A major Clinton Foundation donor company that has been granted millions in U.S. federal loans has been linked to a corruption probe in Pakistan, according to reports.
The Abraaj Group, a Middle Eastern investment fund that contributed between $500,000 and $1 million to the Clinton Foundation, has not been charged in the case, but its name has surfaced in Pakistani media reports. Authorities in Sindh province have accused a prominent government official of providing illegal favors to K-Electric, a power company owned and managed by the Abraaj Group since 2009.
Former Pakistani oil minister Dr. Asim Hussain was arrested last year amid allegations that he helped harbor terrorists in a string of hospitals he owned and doled out illegal contracts to companies, including K-Electric. Both Hussain and K-Electric have denied the allegations.
The investigation has not impacted the U.S. government’s ongoing partnership with the Abraaj Group, which dates back to at least 2012. That year, the Overseas Private Investment Corporation—a federal agency that dispenses corporate loans under the guidance of the U.S. State Department—selected the Abraaj Group to manage its $150 million Middle East investment fund.
Two weeks later, the Abraaj Group co-sponsored the Clinton Global Initiative’s annual meeting.
Last October, the Overseas Private Investment Corporation again pledged up to $250 million to help fund the Abraaj Group’s K-Electric operations. The announcement came less than a month after the Sindh Rangers, a Pakistani law enforcement agency, reportedly issued a 12-page report accusing Hussain of passing illegal favors to K-Electric.
According to the Sindh Rangers, Hussain was "involved in various acts of corruption, corrupt practices and misuse of authority as public office holder." The paramilitary group claimed he also embezzled money that was "subsequently used in terror financing and funding target killers."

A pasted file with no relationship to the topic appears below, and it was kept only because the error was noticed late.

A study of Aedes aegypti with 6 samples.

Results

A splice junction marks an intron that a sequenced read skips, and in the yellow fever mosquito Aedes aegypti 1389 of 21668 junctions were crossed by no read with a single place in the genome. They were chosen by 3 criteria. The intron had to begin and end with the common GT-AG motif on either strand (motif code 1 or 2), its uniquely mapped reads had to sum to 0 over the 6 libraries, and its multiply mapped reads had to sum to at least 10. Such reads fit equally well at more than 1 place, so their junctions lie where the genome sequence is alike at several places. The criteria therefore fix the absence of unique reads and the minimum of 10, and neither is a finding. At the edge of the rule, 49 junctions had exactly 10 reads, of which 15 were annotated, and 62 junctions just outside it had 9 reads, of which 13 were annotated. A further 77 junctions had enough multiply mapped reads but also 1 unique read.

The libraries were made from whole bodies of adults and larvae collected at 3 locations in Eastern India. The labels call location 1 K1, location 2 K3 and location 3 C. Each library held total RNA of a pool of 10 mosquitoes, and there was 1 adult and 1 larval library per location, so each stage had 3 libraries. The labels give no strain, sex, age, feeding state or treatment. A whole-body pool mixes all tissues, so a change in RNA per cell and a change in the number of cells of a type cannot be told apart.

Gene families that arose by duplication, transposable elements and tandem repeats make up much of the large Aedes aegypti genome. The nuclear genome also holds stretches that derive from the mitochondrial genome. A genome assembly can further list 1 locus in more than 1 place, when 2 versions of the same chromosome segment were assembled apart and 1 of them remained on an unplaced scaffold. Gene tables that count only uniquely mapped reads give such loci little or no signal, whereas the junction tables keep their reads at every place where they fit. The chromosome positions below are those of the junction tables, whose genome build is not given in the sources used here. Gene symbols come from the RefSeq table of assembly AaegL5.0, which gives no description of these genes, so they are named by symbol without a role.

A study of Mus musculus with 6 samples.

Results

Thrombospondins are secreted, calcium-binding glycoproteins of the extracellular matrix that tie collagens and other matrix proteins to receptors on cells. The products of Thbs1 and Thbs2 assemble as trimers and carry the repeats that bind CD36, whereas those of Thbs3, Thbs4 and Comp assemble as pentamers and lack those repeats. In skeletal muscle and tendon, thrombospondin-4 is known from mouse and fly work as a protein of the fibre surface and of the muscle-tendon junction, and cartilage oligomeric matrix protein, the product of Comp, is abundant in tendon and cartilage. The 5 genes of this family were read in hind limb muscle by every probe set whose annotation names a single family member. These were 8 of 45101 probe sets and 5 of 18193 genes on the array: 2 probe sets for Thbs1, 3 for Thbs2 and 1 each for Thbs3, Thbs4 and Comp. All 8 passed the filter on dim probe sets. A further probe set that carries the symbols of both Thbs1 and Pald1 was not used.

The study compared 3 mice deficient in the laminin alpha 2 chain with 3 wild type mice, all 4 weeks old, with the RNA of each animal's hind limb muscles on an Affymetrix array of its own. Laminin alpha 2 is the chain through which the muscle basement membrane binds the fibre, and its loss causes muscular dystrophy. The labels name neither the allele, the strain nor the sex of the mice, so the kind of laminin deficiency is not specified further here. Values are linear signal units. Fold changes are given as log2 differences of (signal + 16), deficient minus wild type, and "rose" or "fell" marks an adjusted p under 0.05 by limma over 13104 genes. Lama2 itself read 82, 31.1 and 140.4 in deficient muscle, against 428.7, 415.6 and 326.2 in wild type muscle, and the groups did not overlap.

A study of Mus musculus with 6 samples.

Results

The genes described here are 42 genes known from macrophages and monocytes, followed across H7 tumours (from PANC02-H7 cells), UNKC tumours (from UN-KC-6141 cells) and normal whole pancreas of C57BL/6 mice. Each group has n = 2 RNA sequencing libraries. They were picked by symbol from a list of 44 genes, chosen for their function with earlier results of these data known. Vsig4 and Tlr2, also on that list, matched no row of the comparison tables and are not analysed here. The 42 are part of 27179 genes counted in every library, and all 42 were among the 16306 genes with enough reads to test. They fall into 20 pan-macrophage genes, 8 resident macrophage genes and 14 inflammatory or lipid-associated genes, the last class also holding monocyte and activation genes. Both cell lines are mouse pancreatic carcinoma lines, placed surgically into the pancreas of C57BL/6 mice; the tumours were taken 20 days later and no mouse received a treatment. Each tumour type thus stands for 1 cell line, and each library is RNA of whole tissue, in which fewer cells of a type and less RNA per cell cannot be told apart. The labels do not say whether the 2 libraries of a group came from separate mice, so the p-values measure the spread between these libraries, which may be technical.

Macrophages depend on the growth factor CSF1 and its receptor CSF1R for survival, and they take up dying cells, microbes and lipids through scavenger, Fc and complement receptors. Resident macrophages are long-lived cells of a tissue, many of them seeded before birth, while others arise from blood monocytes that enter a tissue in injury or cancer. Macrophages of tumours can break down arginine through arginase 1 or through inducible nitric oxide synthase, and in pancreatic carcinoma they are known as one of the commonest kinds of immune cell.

The Rangers’ report claimed that "Dr Asim [Hussain] gave favours and illegal gas connections to KESC [K-Electric], which was owned by Abraaj Group with links to [former Pakistani president] Asif Zardari and [Zardari’s sister] Faryal Talpur to the tune of Rs100 billion," according to a summary by the International News.
A spokesperson for the Overseas Private Investment Corporation told the Washington Free Beacon that its board approved the project with the Abraaj Group and K-Electric before news of the investigation emerged.
"We are aware of the situation and are following up with the borrower," OPIC press secretary Sandra Niedzwiecki said.
A spokesperson for the Abraaj Group referred the Free Beacon to an Oct. 2, 2015 statement on the K-Electric website, which strongly denied the charges.
"K-Electric has categorically refuted and denied the false and defamatory allegations that have been referenced in a few publications regarding undue favors taken by the company and/or the provision of illegal gas connections and supply," the statement said. "K-Electric is a publicly listed company and operates in strict compliance with national laws and regulations and adheres to the highest standards of ethics and corporate governance."
A spokesperson for the Abraaj Group said K-Electric "has not been contacted by any government or judicial agencies on this matter."
Dr. Asim Hussain has pleaded not guilty to separate charges of aiding terrorists and corruption.
Hussain appeared in Karachi’s Accountability Court on Thursday, where he was expected to be indicted, according to reports. However, jail authorities brought him to the courthouse over an hour late, and the hearing was rescheduled for a later date.
Last month, Pakistan’s anti-corruption agency, the National Accountability Bureau, filed a corruption reference against Hussain. "In this case, the accused persons were alleged to have illegally fraudulently and with the connivance of officials of OGDCL [Oil and Gas Development Company, Limited] and SSGCL [Sui Southern Gas Company, Limited] awarded gas contracts," the bureau’s executive board wrote in a March 2 statement.
K-Electric is not the only part of the Abraaj Group entangled in a corruption case. The CEO of PetroTiger, a Colombian petroleum company in the Abraaj Group’s portfolio, pleaded guilty to bribing a foreign official last June. He was sentenced to probation. PetroTiger reportedly cooperated in the case and the company was not charged.
Ken Boehm, chairman of the National Legal and Policy Center, a government watchdog group, said the situation raised questions for the Overseas Private Investment Corporation.
"By law, OPIC is required to conduct due diligence efforts on any potential recipient of financing, especially matters involving millions of dollars," said Boehm. "Yet more and more cases have emerged in which recipients of OPIC financing with ties to the Clinton Foundation were not properly vetted. One major Clinton donor, Claudio Osorio, is now doing 12 years in prison for defrauding OPIC in a $10 million financing deal."
Update 4:50 P.M.: This post has been updated with comment from the National Legal and Policy Center.